As the population ages eye health problems are on the rise. Diseases such as macular degeneration and cataracts have seen significant increases. This can rob people of their freedom and quality of life. Age related macular degeneration (AMD) is the leading cause of blindness in people over 65. AMD occurs when the cells in the central part of the eye, known as the macular, begin to deteriorate. The result being a loss of sight in the central part of the field of vision, leaving peripheral vision intake.
There are two types of AMD; they are referred to as the dry and wet forms. By some estimates over 16 million people in the United States show the beginning stages of AMD. Fortunately, the majority exhibit the dry form which can be treated with diet and lifestyle changes. This form is not associated with blindness but if left untreated can progress into the wet form which is associated with blindness. The wet form of the disease leads to irreversible blindness in about 10% of patients.
There are several risk factors that can lead to age related macular degeneration. Some of these are heart disease, prolonged exposure to sunlight, eye color and gender. Anyone that feels they may have one or more or these factors should discuss them with their doctor.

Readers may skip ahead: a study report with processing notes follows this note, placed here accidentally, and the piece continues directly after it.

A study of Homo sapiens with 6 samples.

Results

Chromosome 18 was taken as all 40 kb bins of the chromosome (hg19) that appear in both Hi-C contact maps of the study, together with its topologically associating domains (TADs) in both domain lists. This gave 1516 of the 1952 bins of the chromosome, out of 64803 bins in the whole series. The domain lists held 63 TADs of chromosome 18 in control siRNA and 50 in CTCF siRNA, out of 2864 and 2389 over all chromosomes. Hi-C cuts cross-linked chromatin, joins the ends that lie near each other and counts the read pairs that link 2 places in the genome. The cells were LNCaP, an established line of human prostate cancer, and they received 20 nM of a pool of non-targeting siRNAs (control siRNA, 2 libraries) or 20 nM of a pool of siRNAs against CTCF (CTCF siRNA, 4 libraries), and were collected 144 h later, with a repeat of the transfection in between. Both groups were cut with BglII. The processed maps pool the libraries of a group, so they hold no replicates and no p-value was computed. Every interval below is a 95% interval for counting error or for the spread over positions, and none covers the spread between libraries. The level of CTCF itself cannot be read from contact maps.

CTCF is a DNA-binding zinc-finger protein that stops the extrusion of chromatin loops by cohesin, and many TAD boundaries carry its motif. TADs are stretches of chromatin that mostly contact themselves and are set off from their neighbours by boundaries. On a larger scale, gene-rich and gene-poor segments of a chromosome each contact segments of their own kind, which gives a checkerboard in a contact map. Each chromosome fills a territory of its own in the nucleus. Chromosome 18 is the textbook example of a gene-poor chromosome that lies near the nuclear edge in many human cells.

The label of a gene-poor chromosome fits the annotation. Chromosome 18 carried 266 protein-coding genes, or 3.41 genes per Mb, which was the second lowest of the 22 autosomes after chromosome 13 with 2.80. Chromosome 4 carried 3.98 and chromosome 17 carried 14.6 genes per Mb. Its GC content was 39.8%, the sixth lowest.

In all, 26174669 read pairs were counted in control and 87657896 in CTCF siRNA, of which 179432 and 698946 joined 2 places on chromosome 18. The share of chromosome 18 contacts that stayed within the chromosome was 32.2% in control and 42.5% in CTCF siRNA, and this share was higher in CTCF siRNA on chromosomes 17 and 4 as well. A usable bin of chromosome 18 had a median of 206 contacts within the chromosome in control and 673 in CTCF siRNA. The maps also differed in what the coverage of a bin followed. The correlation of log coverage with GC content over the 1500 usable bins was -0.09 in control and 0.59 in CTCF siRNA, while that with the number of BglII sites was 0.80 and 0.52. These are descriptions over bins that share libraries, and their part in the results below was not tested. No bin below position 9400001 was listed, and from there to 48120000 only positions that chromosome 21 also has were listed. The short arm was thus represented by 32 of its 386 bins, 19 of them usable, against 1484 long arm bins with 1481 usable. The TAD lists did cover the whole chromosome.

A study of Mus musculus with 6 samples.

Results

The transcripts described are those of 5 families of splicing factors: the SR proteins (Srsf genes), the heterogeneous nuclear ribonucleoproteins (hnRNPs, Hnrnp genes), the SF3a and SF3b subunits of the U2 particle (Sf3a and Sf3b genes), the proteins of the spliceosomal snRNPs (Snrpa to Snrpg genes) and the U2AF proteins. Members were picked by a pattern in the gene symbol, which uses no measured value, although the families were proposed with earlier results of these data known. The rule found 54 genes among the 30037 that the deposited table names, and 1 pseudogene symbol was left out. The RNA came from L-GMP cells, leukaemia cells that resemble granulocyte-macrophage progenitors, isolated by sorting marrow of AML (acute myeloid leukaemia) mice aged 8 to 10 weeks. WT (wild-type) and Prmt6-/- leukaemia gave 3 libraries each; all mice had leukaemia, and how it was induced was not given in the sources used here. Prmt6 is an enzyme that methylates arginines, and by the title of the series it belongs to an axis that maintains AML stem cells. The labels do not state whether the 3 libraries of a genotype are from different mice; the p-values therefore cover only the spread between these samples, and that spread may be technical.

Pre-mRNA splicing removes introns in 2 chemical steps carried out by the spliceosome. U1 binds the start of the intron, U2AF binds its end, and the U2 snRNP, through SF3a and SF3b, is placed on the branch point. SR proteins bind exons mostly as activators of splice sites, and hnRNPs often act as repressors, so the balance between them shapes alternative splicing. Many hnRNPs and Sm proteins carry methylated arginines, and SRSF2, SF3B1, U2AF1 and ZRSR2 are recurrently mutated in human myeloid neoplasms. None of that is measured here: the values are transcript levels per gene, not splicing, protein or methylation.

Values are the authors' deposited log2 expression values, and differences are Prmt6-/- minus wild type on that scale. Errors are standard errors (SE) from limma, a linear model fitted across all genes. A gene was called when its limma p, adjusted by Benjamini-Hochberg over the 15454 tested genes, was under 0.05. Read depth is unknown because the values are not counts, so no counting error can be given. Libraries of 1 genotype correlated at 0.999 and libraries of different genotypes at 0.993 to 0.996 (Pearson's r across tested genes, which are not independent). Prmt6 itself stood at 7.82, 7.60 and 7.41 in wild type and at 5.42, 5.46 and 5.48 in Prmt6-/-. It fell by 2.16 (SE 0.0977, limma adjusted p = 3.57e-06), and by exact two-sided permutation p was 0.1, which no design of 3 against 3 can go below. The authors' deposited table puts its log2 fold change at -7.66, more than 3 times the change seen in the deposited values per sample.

Lutein can be found in green leafy vegetables such, as spinach or kale, as well as in egg yolks and fruits. It is not produced by the body and needs to be obtained from diet or supplementation. Large amounts of fruits and vegetables would need to be consumed in order to obtain the recommended daily amount of lutein. It is a carotenoid that acts as a powerful antioxidant to eliminate free radicals that can be harmful to our eyes. Carotenoids have shown benefits in reducing the risk of cancer, heart disease and eye disease and enhancing the body’s immune system.
A researcher at Harvard University first discovered the importance of lutein in protecting our eyes in 1944. Since that time there has been significant research done and is recommended by many eye doctors for their patients.
Kemin Foods recently did a study that found 91% of eye doctors believe that lutein plays an important role in promoting good eye health. In addition, 58% of those surveyed believe lutein is the best nutrient for promoting long term eye health. This survey consisted of 150 ophthalmologists and 150 optometrists in the United States about their perceptions of lutein
Lutein is found naturally in the macular of the eye. Have you ever known anybody that has fading eye color as they age? This is not due to age itself but a lack of lutein, which acts to filter harmful light from the eyes. You can think of it as a natural pair of sunglasses.
If you start using sunscreen and moisturizer when you are young it will help you preserve the natural and youthful appearance of your skin as you age. Assuming you are getting enough lutein from your diet and supplementation it will have a similar effect on preserving the good eyesight you have today. This is why even people with good eyesight now should make sure they are getting enough lutein. It has the ability to build reserves in the eye. Wouldn’t it be nice when your 60 to have the same good eyesight you had when you were 30.